While spending my annual two-week vacation in Playa del Carmen, Mexico, we had a day where it rained (like it does every year on our vacation). Now, when it rains here we are not talking about a little shower but rather torrential downpours that make visibility a challenge.
As a reminder, I reside in Vancouver, British Columbia, the rain capital of Canada and there was a distinctive difference between how we handle being caught in the rain and how the people in this region handle it.
Here, no one is in a hurry. There’s not a mad dash to shelter, covering their heads with their hands which I never understood that one. Roads were flooded here and I noticed school girls walking across the street at a regular pace. Understand, that here all school kids wear a uniform and the girls are a plaid skirt with a white blouse, knee-high white socks, and black shoes. Most of the girls I saw just took off their shoes and socks and walked across the flooded street with water well past their ankles as if nothing was happening.
The question then becomes, why are these people so laid back when it comes to dealing with this, whereas, in North America, we are treating it like it will harm us if we get a little wet? Why, does this prevailing attitude of ‘no big deal’ blend into the way the Mexican people do business versus our ‘continued panic’ to move to the next step/meeting/client/call/project/etc.?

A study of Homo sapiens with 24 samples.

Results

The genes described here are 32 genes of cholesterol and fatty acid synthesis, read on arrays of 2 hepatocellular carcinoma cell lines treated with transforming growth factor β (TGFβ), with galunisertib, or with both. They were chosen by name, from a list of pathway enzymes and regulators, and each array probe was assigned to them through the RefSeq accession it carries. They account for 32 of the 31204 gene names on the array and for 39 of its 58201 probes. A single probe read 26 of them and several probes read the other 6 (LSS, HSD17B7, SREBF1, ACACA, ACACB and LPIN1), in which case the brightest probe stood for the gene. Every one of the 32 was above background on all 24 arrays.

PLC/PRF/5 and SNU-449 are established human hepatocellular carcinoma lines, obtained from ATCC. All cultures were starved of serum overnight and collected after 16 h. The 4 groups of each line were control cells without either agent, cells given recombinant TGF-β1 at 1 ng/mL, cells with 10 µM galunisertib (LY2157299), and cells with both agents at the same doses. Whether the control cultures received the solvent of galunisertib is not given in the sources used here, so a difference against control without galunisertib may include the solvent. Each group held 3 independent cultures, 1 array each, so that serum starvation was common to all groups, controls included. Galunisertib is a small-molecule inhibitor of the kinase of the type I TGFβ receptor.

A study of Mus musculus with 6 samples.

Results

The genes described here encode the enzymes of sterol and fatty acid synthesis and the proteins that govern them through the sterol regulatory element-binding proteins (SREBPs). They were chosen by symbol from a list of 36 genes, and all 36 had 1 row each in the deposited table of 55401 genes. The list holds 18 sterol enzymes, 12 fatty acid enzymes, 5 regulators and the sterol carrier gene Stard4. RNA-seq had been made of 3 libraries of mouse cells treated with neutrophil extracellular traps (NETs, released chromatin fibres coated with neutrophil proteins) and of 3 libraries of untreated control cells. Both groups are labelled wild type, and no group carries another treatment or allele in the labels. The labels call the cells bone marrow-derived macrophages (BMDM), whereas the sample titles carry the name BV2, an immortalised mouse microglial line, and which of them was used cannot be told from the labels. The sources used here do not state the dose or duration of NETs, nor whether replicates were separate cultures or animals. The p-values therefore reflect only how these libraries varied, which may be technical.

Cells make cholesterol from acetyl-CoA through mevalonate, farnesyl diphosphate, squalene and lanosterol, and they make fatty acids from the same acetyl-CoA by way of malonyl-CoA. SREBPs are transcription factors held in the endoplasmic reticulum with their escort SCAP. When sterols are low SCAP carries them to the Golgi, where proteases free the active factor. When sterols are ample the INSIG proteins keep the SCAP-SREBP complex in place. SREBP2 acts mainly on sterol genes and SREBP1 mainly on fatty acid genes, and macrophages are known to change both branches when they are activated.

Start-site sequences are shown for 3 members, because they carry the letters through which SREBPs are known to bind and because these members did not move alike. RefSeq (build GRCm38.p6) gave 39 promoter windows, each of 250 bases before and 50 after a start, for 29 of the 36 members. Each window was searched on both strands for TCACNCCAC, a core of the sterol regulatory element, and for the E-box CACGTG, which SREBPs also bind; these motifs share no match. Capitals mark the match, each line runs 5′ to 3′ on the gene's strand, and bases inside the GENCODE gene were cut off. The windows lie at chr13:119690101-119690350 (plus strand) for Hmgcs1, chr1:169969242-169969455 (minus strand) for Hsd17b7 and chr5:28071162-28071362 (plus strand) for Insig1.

In conversation with some friends that I have here, I was reminded of a saying taught to me a long time ago when I was taking management training: “You can only control what you can control. Everything else is out of your control so why does it matter?”
How much time do we all spend every day attempting to control the things that we have no hope of controlling? How often do we wish for a different outcome, when the outcome is completely out of our hands? How often have you beaten yourself up over something that was beyond your control?
One of the reasons that I love Mexico, (obviously besides sun, sand, and surf) is the service industry and how they are solely focused on making sure the people they are in charge of getting service above and beyond their expectations. An example of this is when we were traveling we came upon a resort, Aak Bal, and there were only three rooms rented. However, the restaurant had nine servers. How is that for controlling the experience the guests got.
On the other hand, how many times have you gone into a restaurant and are disappointed in the service and allow that to control your day and in some cases ruin someone else’s? Think about it, how much control do you have in the experience of dining out? Sure, you can get up and leave. You could complain to the manager or server. You can even write a scathing review on social media. In the long run, what does it get you?
We as a society in North America have forgotten to look at the forest for the trees. We have forgotten to be grateful for everything we have and instead chase the things we think we want. We no longer communicate with a simple hello or smile, but instead run away from our fellow man. I wonder which society is really more progressive.
Maybe, we should all just take a stroll during the next rainstorm. After all, you can’t control it, so enjoy it.